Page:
1. Erase from your mind the ambition to make a movie trailer. The result will inevitably look amateurish (even if you enlist the help of your nephew who majored in film). You have to aim for an attainable aesthetic. The nature of this aesthetic will depend on your book, your audience, and the skill set you (or those assisting you) have to draw upon, but articulating it clearly to yourself is the most important first step.
What does a trailer look like? See 2 examples of book trailers here:
Guest column by author Helen Phillips and Adam Douglas Thompson.
Helen is the author of HERE WHERE THE SUNBEAMS ARE GREEN
(Delacorte, Nov. 2012), a middle grade for ages 10 and up. Adam
has exhibited his work at Regina Rex Gallery, Sara Meltzer Gallery/Projects,
and Studio 10 Gallery, among other venues. In 2010, a book of 100 of
Thompson’s drawings was published by Regency Arts Press, Ltd. His
work has appeared in The Believer Magazine and other publications.
Thompson lives in Brooklyn with his wife, writer Helen Phillips.
(See the book trailers to both of Helen’s books above!)
2. It is better for your book trailer to be super simple and beautiful than lavish and cheesy. The more visual, auditory, and verbal elements you incorporate, the greater the likelihood that your trailer will be a mess. Your book may be a novel, but your trailer should be a poem.
3. Labor over the script. Don’t just use the jacket copy. We digest text very differently when we are watching a video than when we are browsing at a bookstore. The script has to be ultra-pared down, ultra-clear, and very thoughtfully aligned with the imagery.
4. Don’t assume that you need to summarize the plot. It may be appropriate (again, depending on the particular book and particular target audience) to summarize the plot, but consider a more impressionistic approach that strongly communicates the aesthetic of the book while only hinting at elements of the plot.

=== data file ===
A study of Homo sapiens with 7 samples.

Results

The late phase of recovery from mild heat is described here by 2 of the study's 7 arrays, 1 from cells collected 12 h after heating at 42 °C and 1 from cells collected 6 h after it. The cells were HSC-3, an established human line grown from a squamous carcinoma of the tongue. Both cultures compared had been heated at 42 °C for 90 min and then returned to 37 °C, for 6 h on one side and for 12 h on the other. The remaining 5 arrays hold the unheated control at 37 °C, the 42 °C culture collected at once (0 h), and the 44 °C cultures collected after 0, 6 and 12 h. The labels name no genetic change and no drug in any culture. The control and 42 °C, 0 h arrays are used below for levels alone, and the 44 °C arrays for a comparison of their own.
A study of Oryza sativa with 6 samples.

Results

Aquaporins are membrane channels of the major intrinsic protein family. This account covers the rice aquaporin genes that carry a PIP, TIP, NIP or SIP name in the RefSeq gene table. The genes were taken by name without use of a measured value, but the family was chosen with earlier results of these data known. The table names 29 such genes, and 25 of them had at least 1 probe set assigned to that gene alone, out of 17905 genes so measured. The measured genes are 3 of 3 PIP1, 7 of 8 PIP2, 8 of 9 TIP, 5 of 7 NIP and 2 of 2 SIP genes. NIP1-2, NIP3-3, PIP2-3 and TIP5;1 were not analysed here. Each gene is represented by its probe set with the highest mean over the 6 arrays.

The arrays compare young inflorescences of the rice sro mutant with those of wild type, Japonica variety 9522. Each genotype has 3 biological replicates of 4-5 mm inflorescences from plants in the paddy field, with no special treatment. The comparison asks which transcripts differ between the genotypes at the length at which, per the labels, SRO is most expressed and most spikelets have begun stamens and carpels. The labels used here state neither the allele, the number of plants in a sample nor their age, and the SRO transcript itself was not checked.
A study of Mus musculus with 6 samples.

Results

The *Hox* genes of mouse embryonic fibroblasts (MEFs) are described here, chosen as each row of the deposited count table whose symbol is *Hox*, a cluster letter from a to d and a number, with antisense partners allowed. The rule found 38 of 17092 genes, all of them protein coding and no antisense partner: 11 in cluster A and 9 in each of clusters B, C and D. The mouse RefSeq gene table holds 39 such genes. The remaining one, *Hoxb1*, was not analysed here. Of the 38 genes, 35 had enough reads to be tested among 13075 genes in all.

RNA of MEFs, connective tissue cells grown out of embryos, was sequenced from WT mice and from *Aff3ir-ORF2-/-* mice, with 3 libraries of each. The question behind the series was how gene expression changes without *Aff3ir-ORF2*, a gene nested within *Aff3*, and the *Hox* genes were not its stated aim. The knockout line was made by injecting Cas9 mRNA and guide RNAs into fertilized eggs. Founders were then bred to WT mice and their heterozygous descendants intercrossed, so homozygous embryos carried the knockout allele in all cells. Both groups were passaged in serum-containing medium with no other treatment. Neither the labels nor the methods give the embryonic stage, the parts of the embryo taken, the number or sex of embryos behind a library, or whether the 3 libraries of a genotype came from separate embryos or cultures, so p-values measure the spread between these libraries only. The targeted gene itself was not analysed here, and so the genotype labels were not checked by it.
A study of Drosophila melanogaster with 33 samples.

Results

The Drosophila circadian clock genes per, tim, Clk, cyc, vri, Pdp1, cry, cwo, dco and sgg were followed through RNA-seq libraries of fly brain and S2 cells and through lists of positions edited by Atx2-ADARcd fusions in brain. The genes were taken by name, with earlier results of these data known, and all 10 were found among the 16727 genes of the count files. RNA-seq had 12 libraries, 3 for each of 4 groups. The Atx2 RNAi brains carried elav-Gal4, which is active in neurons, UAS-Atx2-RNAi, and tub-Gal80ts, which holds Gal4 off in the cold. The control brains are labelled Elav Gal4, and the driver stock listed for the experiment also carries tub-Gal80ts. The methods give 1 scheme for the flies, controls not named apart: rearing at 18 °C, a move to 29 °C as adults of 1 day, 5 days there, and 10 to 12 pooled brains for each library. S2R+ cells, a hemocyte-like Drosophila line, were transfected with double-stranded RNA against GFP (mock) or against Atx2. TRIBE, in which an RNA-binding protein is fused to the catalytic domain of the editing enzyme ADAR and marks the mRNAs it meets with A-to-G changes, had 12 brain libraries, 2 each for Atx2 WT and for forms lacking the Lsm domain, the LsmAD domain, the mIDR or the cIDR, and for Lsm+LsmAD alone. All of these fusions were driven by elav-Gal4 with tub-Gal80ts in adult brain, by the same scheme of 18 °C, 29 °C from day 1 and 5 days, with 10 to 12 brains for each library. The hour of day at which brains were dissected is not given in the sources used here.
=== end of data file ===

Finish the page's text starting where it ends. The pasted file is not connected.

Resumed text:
5. Depicting your characters using amateur/non-actors can lead to trouble. You don’t want the nuanced psychology of your protagonist rendered banal by poor acting and filming. Using actors can also crowd out room for the imagination (illustrated images are less likely to cause this problem). If you use photographic/video-graphic images, either have them not show people, or not show the actual characters, or at least not show the actual characters’ faces in a clear way.
6. Have your book cover, blurbs, and publication information appear at the end of the trailer, not sprinkled throughout it. Have the meat of your trailer be an evocation of the book itself, separate from the explicitly promotional content.
- When Can You Call Yourself a Writer?
- Read a Query That Worked and Snagged an Agent.
- “How I Got My Agent,” by Novelist Carsen Morton.
- Sell More Books by Building Your Author Platform.
- Literary Agent Interview: Peter McGuigan of Foundry Literary.
- Follow Chuck Sambuchino on Twitter or find him on Facebook. Learn all about his writing guides on how to get published, how to find a literary agent, and how to write a query letter.